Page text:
Inflation Design Patterns
How to control in-game currency inflation has long been a hot topic when designing game economies. Web3 games are no exception to this. This article discusses how we can design in-game currencies, especially for web3 games, in terms of token issuance methods and inflation control measures.
Types of Token Issuance
Inflation in crypto acts as a levy on those who hold tokens and do not participate in staking. By imposing conditions for participation in staking, you can create artificial pressure to transfer the token share among holders. The simplest form is a token share transfer from non-stakers to stakers. You can apply this mechanism to introduce a well-designed complexity into the game economy. For example, suppose both FTs and NFTs are required for efficient participation in staking. In that case, token shares will gradually migrate from those who have either FTs or NFTs to those who have both FTs and NFTs and are participating in staking.
The inflation rate determines the speed of this transition; the higher the inflation rate, the faster the transition. Therefore, when choosing the inflation curve, we must be clear about whom we want to favor. For example, the desired inflation curve will differ depending on whether we want to favor initial or current holders.
If you want to favor current holders and shift a token share from past holders to current holders, you can do so by maintaining a high inflation rate.
Conversely, you could reward early adopters who took the risk and held onto their tokens in the early days by using a square root type of issuance. It shows a curve similar to a token supply with a halving such as Bitcoin’s.
It is possible to fix the emissions per unit block and not favor any particular entity.
The supply curves in the previous section make it clear that it is impossible to control inflation rate with a linear burn against a quadratic supply.
Suppose that the supply of tokens you have designed grows in line with a quadratic curve. To keep inflation down, you ensure that each user must consume tokens regularly, or they will not be able to participate in the token minting. Would this keep the inflation rate down?
It depends on the amount of tokens the user must consume. For example, suppose the number of tokens in circulation increases quadratically(blue line), but the number of tokens consumed increases linearly(red line). In that case, the total amount of the newly supplied token will still increase quadratically(green line), as the graph above shows.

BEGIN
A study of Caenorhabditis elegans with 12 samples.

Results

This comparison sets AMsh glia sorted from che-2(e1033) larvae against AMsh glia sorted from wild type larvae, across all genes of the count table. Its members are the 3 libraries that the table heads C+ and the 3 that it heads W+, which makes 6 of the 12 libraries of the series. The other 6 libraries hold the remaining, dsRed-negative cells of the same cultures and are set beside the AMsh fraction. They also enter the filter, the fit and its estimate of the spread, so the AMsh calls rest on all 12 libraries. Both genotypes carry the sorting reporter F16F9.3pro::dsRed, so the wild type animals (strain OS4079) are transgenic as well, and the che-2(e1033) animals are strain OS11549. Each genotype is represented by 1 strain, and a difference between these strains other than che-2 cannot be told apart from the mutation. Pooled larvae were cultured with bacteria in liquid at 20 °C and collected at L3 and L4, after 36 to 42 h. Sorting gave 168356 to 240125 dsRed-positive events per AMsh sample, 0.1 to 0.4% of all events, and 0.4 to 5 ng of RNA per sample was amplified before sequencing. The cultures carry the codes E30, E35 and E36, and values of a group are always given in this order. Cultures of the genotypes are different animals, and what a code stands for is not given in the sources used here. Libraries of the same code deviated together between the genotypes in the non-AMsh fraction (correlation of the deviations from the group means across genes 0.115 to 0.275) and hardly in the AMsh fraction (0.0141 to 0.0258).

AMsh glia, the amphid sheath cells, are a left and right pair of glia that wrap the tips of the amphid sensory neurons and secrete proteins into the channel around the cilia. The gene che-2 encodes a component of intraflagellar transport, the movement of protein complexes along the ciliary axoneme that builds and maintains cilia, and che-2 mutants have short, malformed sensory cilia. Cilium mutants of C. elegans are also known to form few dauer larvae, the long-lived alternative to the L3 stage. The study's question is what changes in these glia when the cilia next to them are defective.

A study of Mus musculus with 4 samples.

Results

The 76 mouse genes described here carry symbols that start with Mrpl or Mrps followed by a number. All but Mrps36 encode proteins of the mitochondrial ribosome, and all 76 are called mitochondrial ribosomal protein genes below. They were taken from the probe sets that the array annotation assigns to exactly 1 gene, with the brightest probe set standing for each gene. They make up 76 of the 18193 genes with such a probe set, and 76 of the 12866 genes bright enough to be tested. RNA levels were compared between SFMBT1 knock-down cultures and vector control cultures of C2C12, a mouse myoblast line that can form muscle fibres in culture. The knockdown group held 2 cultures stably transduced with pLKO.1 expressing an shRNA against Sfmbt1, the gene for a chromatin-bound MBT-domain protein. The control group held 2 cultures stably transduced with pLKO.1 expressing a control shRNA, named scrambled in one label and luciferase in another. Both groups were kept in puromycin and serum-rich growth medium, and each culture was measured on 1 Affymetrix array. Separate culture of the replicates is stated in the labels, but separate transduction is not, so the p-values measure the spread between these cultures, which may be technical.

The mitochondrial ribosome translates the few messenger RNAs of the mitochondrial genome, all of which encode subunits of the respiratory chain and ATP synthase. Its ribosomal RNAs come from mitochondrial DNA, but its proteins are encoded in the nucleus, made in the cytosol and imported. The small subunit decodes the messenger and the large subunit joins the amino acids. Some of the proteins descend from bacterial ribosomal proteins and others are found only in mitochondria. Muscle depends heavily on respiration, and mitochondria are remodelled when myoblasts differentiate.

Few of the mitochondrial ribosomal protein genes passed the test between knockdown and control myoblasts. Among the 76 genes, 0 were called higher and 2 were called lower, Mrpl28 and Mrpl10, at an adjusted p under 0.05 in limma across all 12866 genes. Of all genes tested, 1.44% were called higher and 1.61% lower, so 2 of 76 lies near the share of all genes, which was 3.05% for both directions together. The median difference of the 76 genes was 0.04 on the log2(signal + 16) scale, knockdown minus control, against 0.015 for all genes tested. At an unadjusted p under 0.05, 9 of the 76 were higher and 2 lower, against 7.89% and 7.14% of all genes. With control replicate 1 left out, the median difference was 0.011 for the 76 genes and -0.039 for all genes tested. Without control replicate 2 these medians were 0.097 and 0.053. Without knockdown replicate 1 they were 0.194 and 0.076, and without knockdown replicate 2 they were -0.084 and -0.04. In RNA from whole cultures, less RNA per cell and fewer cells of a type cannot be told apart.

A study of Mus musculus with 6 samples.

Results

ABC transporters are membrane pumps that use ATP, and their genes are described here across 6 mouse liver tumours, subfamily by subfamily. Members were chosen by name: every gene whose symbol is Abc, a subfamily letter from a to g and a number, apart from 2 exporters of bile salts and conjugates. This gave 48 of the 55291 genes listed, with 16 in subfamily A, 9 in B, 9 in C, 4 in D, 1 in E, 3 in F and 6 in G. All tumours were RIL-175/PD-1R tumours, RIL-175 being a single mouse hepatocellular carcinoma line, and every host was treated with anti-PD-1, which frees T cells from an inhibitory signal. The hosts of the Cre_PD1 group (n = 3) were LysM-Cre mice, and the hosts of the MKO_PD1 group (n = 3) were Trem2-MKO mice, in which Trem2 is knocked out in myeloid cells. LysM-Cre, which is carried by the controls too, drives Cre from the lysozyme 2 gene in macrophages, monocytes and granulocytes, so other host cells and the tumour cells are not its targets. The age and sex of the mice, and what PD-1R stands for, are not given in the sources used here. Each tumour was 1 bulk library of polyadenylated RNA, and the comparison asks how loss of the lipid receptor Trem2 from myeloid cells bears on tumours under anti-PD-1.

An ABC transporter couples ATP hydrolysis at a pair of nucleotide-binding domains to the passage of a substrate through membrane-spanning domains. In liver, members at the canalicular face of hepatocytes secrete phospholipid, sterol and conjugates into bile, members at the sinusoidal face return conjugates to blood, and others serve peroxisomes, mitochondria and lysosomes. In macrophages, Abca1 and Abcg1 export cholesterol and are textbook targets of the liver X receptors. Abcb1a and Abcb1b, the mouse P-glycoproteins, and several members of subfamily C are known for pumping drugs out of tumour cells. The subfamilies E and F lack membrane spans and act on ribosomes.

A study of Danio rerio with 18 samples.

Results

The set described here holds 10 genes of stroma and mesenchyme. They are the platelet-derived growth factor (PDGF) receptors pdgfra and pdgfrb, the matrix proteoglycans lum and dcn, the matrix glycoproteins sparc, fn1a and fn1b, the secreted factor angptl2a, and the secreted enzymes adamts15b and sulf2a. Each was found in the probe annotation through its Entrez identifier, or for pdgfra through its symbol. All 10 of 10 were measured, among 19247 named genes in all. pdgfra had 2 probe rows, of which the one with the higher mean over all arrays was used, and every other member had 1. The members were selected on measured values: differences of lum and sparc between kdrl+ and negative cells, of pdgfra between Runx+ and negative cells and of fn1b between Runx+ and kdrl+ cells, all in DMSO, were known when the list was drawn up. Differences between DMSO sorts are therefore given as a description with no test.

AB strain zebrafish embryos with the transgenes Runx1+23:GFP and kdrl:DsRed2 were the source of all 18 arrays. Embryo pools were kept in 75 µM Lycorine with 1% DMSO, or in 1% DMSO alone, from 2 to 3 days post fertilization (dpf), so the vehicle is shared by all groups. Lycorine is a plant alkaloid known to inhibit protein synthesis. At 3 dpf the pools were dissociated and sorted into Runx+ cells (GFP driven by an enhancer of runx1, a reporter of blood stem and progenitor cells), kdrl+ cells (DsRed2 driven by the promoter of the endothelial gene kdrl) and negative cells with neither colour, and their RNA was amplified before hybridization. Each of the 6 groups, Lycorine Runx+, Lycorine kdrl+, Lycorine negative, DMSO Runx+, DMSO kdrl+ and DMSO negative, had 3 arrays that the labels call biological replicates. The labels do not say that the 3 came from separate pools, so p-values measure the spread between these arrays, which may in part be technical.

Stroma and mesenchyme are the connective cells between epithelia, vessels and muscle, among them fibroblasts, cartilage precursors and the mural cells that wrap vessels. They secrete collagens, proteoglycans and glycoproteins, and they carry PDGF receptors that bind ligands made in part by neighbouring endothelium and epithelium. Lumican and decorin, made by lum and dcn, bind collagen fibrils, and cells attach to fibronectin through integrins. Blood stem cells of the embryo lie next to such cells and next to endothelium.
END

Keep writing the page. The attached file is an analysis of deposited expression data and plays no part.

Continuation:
To keep inflation low while keeping the token supply quadratic, you must separate in-game tokens from on-chain tokens and introduce a tax or withdrawal fee proportional to the issuance amount when users withdraw tokens to the wallet.
It is certainly not an essential solution. This mechanism preserves time until the game grows enough to let users consume enough in-game tokens. Since this is to avoid an unexpected death due to the expected high inflation rate, the team has to create utilities of the tokens in any case. It works only as a temporal buffer. When this solution doesn't work, it's better to reduce the original inflation rate.
GameFi's Seigniorage Spectrum
The essence of GameFi is the competition for the right to issue currency.
There are three types of games: those that delegate the right to issue currency to users, those that work as a central bank taking control of the issuance right, and those that delegate the right to issue currency to smart contracts.
- The game master does not intervene in the process of users generating NFTs and tokens by using NFTs, so the supply of tokens increases in an unregulated manner.
- The game master continuously determines the number of tokens to be issued per unit of time, so whether it is fixed or variable, the game master has the right to control it.
- The game master writes the number of tokens issued and how they will be distributed in smart contracts, which are immutable.
- Although not observable now, a dynamic and immutable issuance mechanism will emerge in the future in which the game master writes rules in smart contracts to change rules, thereby changing the number of tokens issued with the flexibility of a central bank.
The distribution of currency issuance rights is like a spectrum, with myriad variations between the two ends. For example, some game masters do not impose direct restrictions on the number of tokens issued, but they do impose restrictions on the supply of NFTs and the number of times they can use them.
Below are three examples of seigniorage control.
No NFT limit * No FT limit = Chaotic style
- Users can breed NFTs as they want.
- Users can mint FT by using NFT.
- The supply of NFT and FT increases exponentially.
No NFT limit * FT limit = NFT Durability style
- Users can use NFT for limited times to mint FT.
- The supply of FT may increase exponentially, but (Newly issued FT - Paid FT) is predictable.
- Mandatory token consumption is included in this category.
NFT limit * No FT limit = Limited NFT issuance style
- Users can use a limited number of NFTs to keep minting FT.
- The upper limit of FT increase per time is capped linearly.
The fee imposed when users withdraw tokens from off-chain (in-game) to on-chain acts as a tax. There are two ways.
Fixed withdrawal fees
- All users pay the same rate of tax
- Withdrawal amount * tax rate
Dynamic withdrawal fees
- Those who consume tokens in-game pay less tax.
- Fees = Withdrawal amount * tax rate - Token consumed in-game.
The token issuance methods discussed here are valid for tokens that have no monetary value. As application-specific blockchains and layer 2 emerge, fees for simple transactions will approach zero. Under such circumstances, the usage of tokens will be diversified, and more dynamic and experimental token distribution methods will be explored.